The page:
04 June 2006

lasers and cave painting and pompous delusions oh my

Every once in a while I have the supreme luck to experience a moment which reminds me in cold hard slap to the face fashion what it is about writing that makes me shiver with joy.

Because let's be honest, kids— it's not the long lonely hours staring at a blinking cursor which refuses to advance even one goddamned character's worth forward. It's not the late bleary-eyed nights sitting up in bed with a still warm-from-the-laser-printer draft balanced on your knee, a red pen on your hand and a confused "what the the holy hell was this crap about?" look on your face as you edit a manuscript. It's not the beautiful Sunday mornings when the rest of the world is mowing a lawn or playing golf or hauling a short board to the coast or biking some hillside trail while you sit in a pair of gym shorts, sucking 5 hour old coffee and trying to rework a flawed outline into a form which might help you find a path of the face of the impossible second act cliff.

I speak instead of The Moment.

The Moment when you hand a sampling of pages to someone — someone not your wife or mother or second grade teacher — and they start to read... and you sit and watch, but try not to let them understand and feel just how closely you are watching, and you stare at their eyebrows, hoping to see the tiniest little furrow signaling that Something Just Happened, and you watch the corners of their mouths, praying that you see the nearly imperceptible twitch telling you they caught the joke, they noticed the curiously wry phrase, they felt a pang of actual By God emotion at exactly the word where you had worked to make it happen.

The Moment when your words — your dark little splotches of fused toner, or smeared ink, or oil on a canvas, or charcoal on a cave wall — bridged the gap separating your conscious mind from that of every other human being which has ever or shall ever walk this rock. That moment when you scream into the wilderness and hear, for maybe the first and please God not the last time, a voice faintly answering back.

"I hear you... I feel you... tell me more...."

The Moment when you, as a writer, finally connect with the person on the other side of the page.

If you're a writer, or have it in you to become a writer, you understand exactly what I am describing. Nobody becomes a writer in order to become rich. Well, no writer does this, though likely many non-writers try the trick, never understanding just how sadly ludicrous the effort seems to the real writers in the room. You become a writer for the same reason that a salmon swims upstream in breeding season. That a goose flies south when the air turns cool. That a plant turns toward the morning sun and a drunk away from it. You do it because that's what you do. You can't not do it without risking a psychic groin pull.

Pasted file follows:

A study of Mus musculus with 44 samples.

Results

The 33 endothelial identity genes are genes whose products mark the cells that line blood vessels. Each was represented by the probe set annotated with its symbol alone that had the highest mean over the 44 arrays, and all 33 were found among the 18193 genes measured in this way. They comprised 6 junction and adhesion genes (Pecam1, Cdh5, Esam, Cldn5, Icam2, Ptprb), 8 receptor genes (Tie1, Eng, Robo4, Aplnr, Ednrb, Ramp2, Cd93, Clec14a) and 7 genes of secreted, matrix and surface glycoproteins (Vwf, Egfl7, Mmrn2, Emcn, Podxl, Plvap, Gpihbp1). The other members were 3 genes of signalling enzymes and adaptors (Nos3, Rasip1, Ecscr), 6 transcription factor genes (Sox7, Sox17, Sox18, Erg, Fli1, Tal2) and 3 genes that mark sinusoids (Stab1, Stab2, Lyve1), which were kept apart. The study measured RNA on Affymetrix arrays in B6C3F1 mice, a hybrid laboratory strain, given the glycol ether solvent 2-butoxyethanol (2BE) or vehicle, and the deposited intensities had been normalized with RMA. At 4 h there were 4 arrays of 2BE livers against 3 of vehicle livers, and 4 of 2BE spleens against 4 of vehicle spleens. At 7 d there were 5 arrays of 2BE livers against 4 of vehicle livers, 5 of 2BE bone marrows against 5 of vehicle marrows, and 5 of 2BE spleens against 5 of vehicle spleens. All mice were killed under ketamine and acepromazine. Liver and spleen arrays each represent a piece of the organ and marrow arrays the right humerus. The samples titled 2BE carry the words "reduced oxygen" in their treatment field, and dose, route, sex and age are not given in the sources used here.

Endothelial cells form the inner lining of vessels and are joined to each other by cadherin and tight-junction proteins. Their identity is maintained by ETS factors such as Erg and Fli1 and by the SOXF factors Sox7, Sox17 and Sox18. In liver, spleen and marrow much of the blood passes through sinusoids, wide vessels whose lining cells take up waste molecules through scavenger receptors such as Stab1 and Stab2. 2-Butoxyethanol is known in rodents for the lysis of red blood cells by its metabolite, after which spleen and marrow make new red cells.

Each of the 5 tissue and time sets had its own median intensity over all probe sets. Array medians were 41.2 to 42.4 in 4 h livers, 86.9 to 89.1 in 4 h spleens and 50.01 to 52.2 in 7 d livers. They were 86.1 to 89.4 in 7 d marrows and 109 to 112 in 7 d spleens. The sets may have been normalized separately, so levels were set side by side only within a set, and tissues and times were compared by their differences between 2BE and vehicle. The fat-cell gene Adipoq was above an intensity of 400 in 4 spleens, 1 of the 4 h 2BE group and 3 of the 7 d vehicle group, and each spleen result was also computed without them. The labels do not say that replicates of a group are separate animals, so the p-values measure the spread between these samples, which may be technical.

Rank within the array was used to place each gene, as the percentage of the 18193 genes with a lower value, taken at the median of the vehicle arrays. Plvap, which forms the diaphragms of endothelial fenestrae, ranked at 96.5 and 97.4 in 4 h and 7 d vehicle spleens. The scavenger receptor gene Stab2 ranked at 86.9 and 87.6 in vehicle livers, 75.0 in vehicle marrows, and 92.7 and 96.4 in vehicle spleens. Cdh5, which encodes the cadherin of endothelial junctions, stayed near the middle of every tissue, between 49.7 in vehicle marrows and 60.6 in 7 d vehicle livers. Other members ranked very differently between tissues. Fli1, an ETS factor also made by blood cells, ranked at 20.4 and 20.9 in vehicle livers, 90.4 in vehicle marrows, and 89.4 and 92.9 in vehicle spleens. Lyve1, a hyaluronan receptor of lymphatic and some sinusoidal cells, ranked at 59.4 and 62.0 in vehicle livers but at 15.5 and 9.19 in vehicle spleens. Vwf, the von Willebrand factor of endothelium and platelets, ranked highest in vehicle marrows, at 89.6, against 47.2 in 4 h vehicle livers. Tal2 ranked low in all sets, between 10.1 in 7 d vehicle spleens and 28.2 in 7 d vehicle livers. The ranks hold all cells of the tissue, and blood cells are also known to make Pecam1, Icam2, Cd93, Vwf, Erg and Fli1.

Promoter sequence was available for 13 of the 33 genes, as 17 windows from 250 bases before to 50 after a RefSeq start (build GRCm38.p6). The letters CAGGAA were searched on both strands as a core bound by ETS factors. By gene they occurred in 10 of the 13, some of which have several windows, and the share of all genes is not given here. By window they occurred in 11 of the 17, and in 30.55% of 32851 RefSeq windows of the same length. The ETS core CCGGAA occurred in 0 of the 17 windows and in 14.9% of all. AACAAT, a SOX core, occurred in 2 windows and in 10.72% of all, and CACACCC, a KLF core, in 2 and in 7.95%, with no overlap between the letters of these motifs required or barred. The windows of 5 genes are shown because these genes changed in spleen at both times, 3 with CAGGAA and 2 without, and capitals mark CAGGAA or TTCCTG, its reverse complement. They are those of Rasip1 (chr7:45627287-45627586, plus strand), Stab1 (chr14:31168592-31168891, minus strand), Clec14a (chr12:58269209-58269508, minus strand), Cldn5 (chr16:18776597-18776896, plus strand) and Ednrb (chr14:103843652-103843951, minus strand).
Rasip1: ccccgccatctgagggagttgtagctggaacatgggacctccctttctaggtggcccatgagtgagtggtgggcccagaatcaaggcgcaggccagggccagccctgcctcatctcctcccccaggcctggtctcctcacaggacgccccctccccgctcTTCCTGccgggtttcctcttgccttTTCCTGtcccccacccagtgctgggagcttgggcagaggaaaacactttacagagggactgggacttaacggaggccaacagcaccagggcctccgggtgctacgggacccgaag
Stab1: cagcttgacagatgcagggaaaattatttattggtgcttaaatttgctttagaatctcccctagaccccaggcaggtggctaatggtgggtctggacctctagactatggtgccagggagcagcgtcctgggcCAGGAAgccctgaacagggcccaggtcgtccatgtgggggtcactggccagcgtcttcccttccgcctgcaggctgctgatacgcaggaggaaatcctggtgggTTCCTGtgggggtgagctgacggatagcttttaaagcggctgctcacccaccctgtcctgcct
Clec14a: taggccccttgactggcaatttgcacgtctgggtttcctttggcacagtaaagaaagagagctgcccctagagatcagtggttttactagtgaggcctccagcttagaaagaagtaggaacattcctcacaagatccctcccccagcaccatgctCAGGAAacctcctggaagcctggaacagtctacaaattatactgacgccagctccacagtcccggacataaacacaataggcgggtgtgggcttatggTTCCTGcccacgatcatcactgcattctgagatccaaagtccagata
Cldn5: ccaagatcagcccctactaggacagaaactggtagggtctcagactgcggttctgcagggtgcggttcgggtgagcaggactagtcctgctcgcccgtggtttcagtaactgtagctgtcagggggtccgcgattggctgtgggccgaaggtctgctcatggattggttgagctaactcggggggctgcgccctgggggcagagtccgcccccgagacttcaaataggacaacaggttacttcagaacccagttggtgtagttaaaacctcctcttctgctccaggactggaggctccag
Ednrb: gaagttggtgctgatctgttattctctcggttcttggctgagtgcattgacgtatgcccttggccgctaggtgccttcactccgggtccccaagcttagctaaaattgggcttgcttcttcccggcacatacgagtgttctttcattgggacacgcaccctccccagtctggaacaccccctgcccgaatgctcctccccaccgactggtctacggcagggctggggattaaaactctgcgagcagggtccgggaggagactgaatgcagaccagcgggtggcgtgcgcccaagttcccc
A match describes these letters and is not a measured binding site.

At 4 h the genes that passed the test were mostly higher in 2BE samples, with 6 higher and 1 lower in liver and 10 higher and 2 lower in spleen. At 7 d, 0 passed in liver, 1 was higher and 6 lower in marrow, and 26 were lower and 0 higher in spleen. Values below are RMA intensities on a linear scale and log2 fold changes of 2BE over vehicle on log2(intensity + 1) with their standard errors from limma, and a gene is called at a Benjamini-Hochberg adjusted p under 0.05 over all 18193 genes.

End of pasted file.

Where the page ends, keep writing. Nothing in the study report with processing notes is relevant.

And it's a horrible excruciating soul-devouring way to live, save for those rare moments when you have a page or ten to share with another person, and you summon the testicular fortitude to do so, and that other person reads your stuff and feels something.

I had that happen again this week. Three or four times, actually. (What can I say? "it was a good week.) Specific details about who read what are not important, but at least three different times this past week I showed scribbles to people and my scribbles prompted them to say something.

"Wow" or "cool" or (my favorite) "can I read some more?"

Being writers, we of course have to undersell our reaction in such moments, as writers are Cool People, and Cool People do not react to such situations by jumping up and down on the sofa, screaming "YAHOOOOOOOOO! THEY FUCKIN' LIKE ME!"

[That's actors who pull such stunts — a sad low class of people none of us should long affiliate with.]

No, writers have to remain detached and vaguely bored by it all: "Thanks. It needs more work."

But at some moment later, in private when nobody stands around eager, ready, and willing to judge, we'll pump our fists and hop up and down and grin like stupid grinning things and sing "I Could Have Danced All Night" and do a dozen other equally childish things try to endlessly replay that second and a half when we had our soul hooked up in a direct link to someone else.

Such moments are lightning strikes — flickering instants of brilliant blinding power which leave an afterimage seared into memory. Non-writers sometimes can see the flash or feel the thunder and enjoy the show, but it falls to writers (and chapel roof painters) to understand on the poetic level that these lightning strikes are not just arcs of static electrical buildup between cloud and ground, or even mere instants of shared consciousness. They are, in truth, The Touch of the Divine, God reaching down to tap you on the shoulder when nobody else is looking, and asking with a wink and a sly smile "psst-- wanna know what it feels like to be Me?"

For these moments, I humbly give thanks.

Here endeth the lesson. Now rise, my brothers, and go create.
flying kites in a storm B


suzbays said...

Yee-haw! Good for you!

I had my own cool moments on Saturday. They were different cool, but cool nonetheless.


Julie O'Hora said...

Thanks, I needed that, B. Kickass post.